Do you have a good summer of cycling under your belt? For most of us, summer presents the perfect opportunity to get out and about much more often on two wheels. We hope, like us, you’ve been racking up the miles and making the most of this New Zealand weather whilst it lasts. If you have been hitting the road or trails more often your fitness has probably increased too – but what’s the use of that if you don’t make the most of it with a big end of summer blowout?
The holy grail of amateur cyclists is riding your first 100-mile ride (That’s 160 km for those that don’t know). If you’ve been hammering the miles this season, why not get ready to add yourself to that club? Now, you know what works with your schedule, so we’ll stay out of it. Just try to increase your training by an extra ride or two a week and add a half-hour onto every ride from here on out. Instead, we’ll concentrate on what you need during the ride.
Taking enough liquid on board is one of the most important aspects of long-distance rides. Depending on how hot the weather is or how fast you’re cycling will determine how much you need to drink. A good rule of thumb is a bottle of water per hour that you are out. That usually means a few gulps of water every 15 minutes.
Food is similar. Take a bite or two of food every half hour. This could be an energy bar, a peanut butter and jelly sandwich, a banana or some oat cookies. All good options! The trick with food and drink is consistency. Nutrition and hydration can be the difference between charging through the ride or getting the dreaded bonk and having your legs turn to jelly.
You might have noticed that most pro-cyclists seem to have a higher cadence than your average rider. Is that a sign we should all drop a gear and increase our cadence? Well think of it like this: if you are spinning a low gear you’re using your aerobic fitness more, whereas if you’re pushing a big gear, you’re putting more strain on your muscles. So, if you’re really out of breath but your legs aren’t sore; go up a gear. If your legs are sore but you aren’t breathing heavy, go down a gear and increase your cadence.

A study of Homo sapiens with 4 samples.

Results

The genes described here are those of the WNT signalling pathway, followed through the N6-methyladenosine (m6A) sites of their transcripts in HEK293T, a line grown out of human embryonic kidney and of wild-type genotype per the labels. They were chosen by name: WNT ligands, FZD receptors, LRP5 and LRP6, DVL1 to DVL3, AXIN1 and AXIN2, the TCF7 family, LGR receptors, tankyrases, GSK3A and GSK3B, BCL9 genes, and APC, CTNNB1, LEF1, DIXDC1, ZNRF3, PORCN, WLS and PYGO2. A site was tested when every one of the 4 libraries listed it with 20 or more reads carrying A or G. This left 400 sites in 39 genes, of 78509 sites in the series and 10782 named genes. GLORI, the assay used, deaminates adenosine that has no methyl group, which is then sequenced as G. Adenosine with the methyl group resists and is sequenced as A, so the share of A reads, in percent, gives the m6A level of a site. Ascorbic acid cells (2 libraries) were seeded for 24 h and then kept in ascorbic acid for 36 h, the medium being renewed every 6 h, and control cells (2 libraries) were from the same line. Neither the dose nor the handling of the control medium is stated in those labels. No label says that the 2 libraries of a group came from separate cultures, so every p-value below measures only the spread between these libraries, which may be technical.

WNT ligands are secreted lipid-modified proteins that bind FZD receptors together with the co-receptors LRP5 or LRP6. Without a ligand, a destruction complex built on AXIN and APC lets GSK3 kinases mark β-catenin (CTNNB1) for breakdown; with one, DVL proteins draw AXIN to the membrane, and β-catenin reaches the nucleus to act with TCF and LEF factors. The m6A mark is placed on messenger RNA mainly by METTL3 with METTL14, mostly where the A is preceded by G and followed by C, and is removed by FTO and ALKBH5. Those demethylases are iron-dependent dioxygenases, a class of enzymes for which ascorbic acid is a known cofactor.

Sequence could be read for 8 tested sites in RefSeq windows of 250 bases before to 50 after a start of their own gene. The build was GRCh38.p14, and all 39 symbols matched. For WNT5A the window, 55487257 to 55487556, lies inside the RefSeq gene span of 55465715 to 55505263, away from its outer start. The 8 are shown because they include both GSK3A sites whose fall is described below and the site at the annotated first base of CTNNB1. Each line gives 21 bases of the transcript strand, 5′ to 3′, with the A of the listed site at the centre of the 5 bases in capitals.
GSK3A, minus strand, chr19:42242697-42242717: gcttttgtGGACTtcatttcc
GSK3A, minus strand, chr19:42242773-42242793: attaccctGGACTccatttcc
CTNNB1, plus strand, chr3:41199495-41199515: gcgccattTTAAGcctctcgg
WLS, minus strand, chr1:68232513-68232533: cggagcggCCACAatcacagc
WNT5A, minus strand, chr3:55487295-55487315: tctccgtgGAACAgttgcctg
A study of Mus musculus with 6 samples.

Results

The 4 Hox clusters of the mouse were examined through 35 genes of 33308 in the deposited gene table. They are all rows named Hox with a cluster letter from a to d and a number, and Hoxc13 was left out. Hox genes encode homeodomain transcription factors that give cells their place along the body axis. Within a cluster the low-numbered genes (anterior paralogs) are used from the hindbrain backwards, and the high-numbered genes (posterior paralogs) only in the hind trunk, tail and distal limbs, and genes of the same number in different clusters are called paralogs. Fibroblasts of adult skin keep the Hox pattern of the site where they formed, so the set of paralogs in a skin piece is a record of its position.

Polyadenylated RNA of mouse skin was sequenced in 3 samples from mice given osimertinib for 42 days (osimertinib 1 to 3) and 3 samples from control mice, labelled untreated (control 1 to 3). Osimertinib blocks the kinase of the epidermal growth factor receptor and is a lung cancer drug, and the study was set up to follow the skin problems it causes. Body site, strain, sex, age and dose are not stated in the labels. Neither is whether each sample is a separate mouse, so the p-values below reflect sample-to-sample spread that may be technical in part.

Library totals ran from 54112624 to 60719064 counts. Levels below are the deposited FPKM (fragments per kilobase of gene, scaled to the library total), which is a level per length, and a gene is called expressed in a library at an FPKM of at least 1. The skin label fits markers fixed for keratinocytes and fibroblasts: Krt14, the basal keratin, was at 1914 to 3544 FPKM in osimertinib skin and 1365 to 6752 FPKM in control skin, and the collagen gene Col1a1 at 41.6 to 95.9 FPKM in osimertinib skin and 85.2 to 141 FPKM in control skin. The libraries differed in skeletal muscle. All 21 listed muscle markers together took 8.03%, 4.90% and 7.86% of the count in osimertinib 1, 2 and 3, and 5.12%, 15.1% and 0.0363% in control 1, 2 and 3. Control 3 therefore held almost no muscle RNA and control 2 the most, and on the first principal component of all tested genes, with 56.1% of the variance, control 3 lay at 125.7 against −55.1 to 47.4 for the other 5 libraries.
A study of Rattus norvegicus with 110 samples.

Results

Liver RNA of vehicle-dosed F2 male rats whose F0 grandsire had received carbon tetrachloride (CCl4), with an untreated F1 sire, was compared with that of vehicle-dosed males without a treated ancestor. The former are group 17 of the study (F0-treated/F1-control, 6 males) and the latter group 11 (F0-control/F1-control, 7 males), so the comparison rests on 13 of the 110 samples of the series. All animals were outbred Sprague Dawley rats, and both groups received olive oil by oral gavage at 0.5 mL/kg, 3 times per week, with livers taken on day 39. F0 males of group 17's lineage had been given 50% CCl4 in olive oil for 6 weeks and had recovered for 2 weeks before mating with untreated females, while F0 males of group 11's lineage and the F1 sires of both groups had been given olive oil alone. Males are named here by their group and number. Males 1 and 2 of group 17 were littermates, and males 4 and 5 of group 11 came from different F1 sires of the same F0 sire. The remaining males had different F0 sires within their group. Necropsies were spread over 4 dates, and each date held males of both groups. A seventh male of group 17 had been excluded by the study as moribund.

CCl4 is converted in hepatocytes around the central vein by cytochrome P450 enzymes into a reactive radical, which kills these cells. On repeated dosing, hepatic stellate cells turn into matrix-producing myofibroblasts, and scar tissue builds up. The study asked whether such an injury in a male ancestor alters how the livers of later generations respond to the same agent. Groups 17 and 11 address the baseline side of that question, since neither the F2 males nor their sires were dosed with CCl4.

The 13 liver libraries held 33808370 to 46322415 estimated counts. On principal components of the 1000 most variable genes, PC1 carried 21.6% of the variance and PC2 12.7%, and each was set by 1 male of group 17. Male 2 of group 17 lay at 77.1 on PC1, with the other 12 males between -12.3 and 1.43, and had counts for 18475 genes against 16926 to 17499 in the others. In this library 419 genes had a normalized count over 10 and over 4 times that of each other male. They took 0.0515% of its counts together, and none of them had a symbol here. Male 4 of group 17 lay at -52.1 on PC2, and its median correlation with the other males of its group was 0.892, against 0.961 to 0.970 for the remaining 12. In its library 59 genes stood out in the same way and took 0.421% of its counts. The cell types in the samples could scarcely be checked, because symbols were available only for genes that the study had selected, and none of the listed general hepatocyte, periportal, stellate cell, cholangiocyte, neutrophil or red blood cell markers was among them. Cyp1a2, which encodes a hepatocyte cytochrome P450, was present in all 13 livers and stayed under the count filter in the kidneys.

Break Up Your Ride:
100 miles is overwhelming if you haven’t done it before. Break the ride up into 3 or 4 sections to make it more manageable. The first section should feel easy and you can roll out easing into the ride. In the middle section(s) you can expect to start feeling your muscles getting worked and you can expect some mild fatigue. The end section will be more difficult. You should now be well into your ride and have hit your rhythm. You can expect your legs to start burning – but you can start dreaming about the finish.
Things change quickly on a long ride. Take a stow-away rain jacket, some arm and leg warmers in case it gets cold and a puncture repair kit for those dreaded times. For all the equipment you need, check out your local bike shop.